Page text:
Firewood Collection in Andalucia [Prepping for Spanish Winter]
Winter in rural Spain can be an interesting time, most years [in the past anyway] you would get a dusting of snow and perhaps a few inches which would fall overnight making the kids gloriously happy the next morning.
Some years though are different to the rest and that is what happened in January 2007 when we were just putting the finishing touches to our cave house in Granada. Around 18 inches of snow fell over night and it was still coming down that morning thick and heavy, no wind [luckily], just blankets of the white stuff steadily building up and up…
Things got so bad that the entire hamlet was snowed in and it wasen’t until 72 hours later the Guardia managed to get through following a tractor to ask if we were ok. We were.
Firewood collection in Andalucia, bring on the summer and it’s time to collect wood. Before we started overlanding we’d use the best car we ever had – an old 94′ Audi A6 avant, it got us to Spain, towed our caravan down here, humped building materials and masses of wood, even trees for our winter prepping.
Sometimes the forestry guys would be cutting trees and you could follow them through the woodland ear-marking a stash of logs, sometimes to take home by the trailer load.
Buying Almond or Olive wood is also a viable option, it’s easier but it’s expensive, the outlay however does pay off as it obviously lasts longer being a hard wood plus it’s kinder to your chimney with less creosote build up.
No matter which wood you end up with [we usually do a mix] you’ll need sticks/kindling to get things started. Overlanding helps sort this problem out perfectly, on day trips we take a couple of boxes and fill them up with ‘dry as a bone’ stick wood directly from the woodland floor.
There is always stick wood lying around, much has been there for quite a while and is the perfect ignition source, you can also pass cutting areas where trees have been cleared to maintain fire breaks.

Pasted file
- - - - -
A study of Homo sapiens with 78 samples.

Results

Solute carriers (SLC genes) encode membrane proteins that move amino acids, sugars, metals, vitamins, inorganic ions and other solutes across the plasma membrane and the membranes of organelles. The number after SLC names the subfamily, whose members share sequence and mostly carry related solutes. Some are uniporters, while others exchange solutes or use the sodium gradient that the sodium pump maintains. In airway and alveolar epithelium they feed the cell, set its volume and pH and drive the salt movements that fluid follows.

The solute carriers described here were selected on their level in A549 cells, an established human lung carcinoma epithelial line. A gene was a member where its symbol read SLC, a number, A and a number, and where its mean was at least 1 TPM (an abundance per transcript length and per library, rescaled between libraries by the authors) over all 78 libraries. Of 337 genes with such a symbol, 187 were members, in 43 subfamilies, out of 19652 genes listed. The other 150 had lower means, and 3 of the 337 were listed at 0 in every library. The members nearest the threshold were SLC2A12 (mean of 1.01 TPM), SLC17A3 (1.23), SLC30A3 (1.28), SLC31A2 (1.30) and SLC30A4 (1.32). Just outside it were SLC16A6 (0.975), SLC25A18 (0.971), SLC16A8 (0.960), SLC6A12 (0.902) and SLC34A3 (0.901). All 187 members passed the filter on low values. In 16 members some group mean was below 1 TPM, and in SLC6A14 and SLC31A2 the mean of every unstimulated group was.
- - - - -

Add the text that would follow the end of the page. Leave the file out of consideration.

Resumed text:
Collecting all of the stick wood left over actually helps the woodland and the forestry as it reduces fire risk, no-one is going to tell you to move on if you’re clearing up.
Two boxes per trip soon starts to build up in the warehouse! Our wood stove is of traditional design, cast iron with the round lid on the top so sticks have to be quite short to fit, this makes a box of sticks go even further as they have to be snapped in half, it’s actually a very economical way to light a winters worth of fires.
So collecting firewood from the Andalucian woodlands we visit overlanding is a win win for the environment and for us, it’s also part of life in rural Spain and it reminds me of my youth being brought up on a Northumberland farm. Being prepared also comes into the equation.
Being prepared as far as firewood is concerned is a good idea under any circumstances especially in rural Spain. The winters 3000ft up are bitter cold and no matter what style of dwelling you live in [yes, even a cave house] you will need fuel for the winter.
Solid fuel in the form of wood is the most common, usually olive or almond although kiln dried Oak is available at a premium. Prices are on the rise, not just with solid fuel but also electricity and gas making wood a more attractive proposition. In a real SHTF situation wood is going to be the only fuel source in the longer term which is why we are stocking up now.
Little and often is the approach, as mentioned above a couple of plastic boxes at a time is all we need, similarly to those few extra tins or packets of pasta at a food shop, it all makes a difference and it’s never too late to start.
2022 will also see us purchasing a trailer of hardwood early, normally we get a load delivered in November but this year it will be March. One reason for this is to give the wood more opportunity to dry out over the summer and the other is to be more prepared for the winter and any eventualities that may happen before then. The forthcoming winter’s fuel will be one less thing to worry about both from a financial standpoint and being prepared.